Solvency refers to the company’s ability to meet all of its obligations and to pay all of its liabilities when they are due to be paid. Solvency ratios are used to check the solvency condition of a company which mainly checks for the amount of debt taken and the cash spent on interest of the total debt taken.
We know from the balance sheet,
Total Assets = Total Debts + Total Equity
The debt ratio calculates the total debt compared to total assets and Debt-Equity ratio calculates the total debt to its total equity capital.
Debt Ratio = (Total Debt / Total Assets)
Debt-Equity Ratio = Total Debt / Total Shareholders’ Equity
Higher debt ratio means the company has already taken higher debts from the market and the main funding came from outside. Higher debt ratio reduces the capability of the company to raise more debt in the future and the creditors feel less confident in giving further debt to the company.
Higher debt to equity ratio also indicates that a significant amount of money came from external debts and company is paying very high interest for the same. It also makes it difficult for the company to raise more money from the market.
But as debt is considered to be much cheaper source of fund compared to equity capital, Company’s management is encouraged to use debt source of fund properly to reduce the average cost of capital. So management has to divide the fund raised between debt and equity properly so that cost of capital is reduced and the debt-equity ratio stays within proper limit. Higher debt-equity ratio leads to higher borrowing cost from debt or higher rate of interest.
Debt-Equity ratio is also used to check the financial leverage position of the company which means how much company financial leverage the company is utilizing. Lower debt-equity ratio means lower financial leverage taken by the company and the company has high equity position.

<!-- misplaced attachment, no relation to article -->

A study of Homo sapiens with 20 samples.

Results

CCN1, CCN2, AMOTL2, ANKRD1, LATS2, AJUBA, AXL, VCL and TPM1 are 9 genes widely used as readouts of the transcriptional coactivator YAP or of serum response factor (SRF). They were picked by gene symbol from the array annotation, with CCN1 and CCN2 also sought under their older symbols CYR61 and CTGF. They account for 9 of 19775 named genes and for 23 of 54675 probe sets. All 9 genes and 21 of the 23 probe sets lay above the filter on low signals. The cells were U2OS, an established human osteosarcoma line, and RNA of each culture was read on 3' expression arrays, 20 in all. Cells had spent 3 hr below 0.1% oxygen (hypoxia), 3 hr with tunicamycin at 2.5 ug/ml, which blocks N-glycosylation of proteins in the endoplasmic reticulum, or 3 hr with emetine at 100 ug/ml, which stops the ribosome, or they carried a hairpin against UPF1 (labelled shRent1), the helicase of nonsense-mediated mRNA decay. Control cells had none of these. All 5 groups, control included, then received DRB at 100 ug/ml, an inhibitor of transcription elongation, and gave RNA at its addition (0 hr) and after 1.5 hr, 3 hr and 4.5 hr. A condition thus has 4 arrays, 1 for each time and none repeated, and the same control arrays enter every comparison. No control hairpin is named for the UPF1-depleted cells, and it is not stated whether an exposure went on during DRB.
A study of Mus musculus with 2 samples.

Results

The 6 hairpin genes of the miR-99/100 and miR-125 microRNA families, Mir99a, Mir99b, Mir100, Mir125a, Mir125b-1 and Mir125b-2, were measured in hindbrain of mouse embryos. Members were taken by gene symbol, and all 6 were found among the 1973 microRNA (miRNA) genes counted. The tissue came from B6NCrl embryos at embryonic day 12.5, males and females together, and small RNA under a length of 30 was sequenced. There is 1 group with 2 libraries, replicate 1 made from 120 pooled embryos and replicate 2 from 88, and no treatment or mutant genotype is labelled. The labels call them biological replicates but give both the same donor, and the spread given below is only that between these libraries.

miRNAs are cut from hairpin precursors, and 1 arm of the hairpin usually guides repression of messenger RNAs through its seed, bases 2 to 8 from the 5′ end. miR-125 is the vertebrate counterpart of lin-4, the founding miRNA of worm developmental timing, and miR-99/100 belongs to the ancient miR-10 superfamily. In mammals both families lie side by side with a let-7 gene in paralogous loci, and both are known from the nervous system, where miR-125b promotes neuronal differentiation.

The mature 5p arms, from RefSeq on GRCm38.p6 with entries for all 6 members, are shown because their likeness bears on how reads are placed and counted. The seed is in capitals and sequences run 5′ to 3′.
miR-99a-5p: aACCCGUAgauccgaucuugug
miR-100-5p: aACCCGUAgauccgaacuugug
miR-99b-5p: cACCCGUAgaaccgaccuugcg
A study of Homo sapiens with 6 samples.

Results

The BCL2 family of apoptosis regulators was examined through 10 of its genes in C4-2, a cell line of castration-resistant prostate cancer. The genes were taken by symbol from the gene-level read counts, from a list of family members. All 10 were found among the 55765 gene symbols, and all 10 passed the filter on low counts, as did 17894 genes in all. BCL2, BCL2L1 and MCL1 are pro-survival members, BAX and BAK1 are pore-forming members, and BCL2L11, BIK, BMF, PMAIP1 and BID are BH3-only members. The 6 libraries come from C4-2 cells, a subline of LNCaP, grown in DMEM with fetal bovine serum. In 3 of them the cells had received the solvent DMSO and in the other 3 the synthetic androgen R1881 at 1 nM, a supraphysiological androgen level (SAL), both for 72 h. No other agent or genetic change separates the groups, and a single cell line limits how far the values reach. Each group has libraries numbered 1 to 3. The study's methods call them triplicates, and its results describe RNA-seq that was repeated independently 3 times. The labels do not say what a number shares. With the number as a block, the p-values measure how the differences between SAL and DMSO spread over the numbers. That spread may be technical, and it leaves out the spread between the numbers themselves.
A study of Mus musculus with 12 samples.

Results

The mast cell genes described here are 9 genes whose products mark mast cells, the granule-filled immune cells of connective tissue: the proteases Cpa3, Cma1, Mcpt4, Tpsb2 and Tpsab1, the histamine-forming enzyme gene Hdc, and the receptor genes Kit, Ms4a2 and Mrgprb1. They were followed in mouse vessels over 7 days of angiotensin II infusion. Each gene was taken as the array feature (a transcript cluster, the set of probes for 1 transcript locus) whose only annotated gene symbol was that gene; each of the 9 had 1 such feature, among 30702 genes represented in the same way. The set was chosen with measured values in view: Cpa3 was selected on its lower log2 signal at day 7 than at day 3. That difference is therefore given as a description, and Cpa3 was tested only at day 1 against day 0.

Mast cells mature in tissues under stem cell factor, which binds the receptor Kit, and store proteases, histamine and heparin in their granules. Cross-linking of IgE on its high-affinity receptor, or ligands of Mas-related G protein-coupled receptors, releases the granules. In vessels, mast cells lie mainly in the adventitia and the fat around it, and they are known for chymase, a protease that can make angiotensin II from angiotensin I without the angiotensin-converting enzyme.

It’s completely the creditability of the company’s management to use the debt capital and financial leverage properly to keep the cost of capital lower and to earn high profit even after paying the interest.
Another important solvency ratio is capitalization ratio which denotes the capitalization or the debt part of the company to run the business. The capitalization refers to the use of debt as financial leverage to run the business and generate profit.
The capitalization ratio is calculated as the long term debt divided by the sum of long term debt and shareholders’ equity.
Capitalization Ratio = Long term Debt / (Long term Debt +
The Capitalization ratio shows how much the company capitalizes the external debt and it also shows the management’s efficiency towards the same.
The Interest Coverage Ratio is another very important solvency ratio which determines the company’s ability to pay the interest on outstanding loan and debt from the operating profit earned by the company. It is calculated as
Interest Coverage Ratio = Earnings before Interest and
Taxes (EBIT) / Interest Expenses
Lower interest coverage ratio means more burden to the company to pay the interest and less profit for the company and the shareholders. The creditors check this ratio more frequently to keep track of the solvency condition of the condition. Interest coverage ration becoming nearly 1 means it is an alarming situation for the company.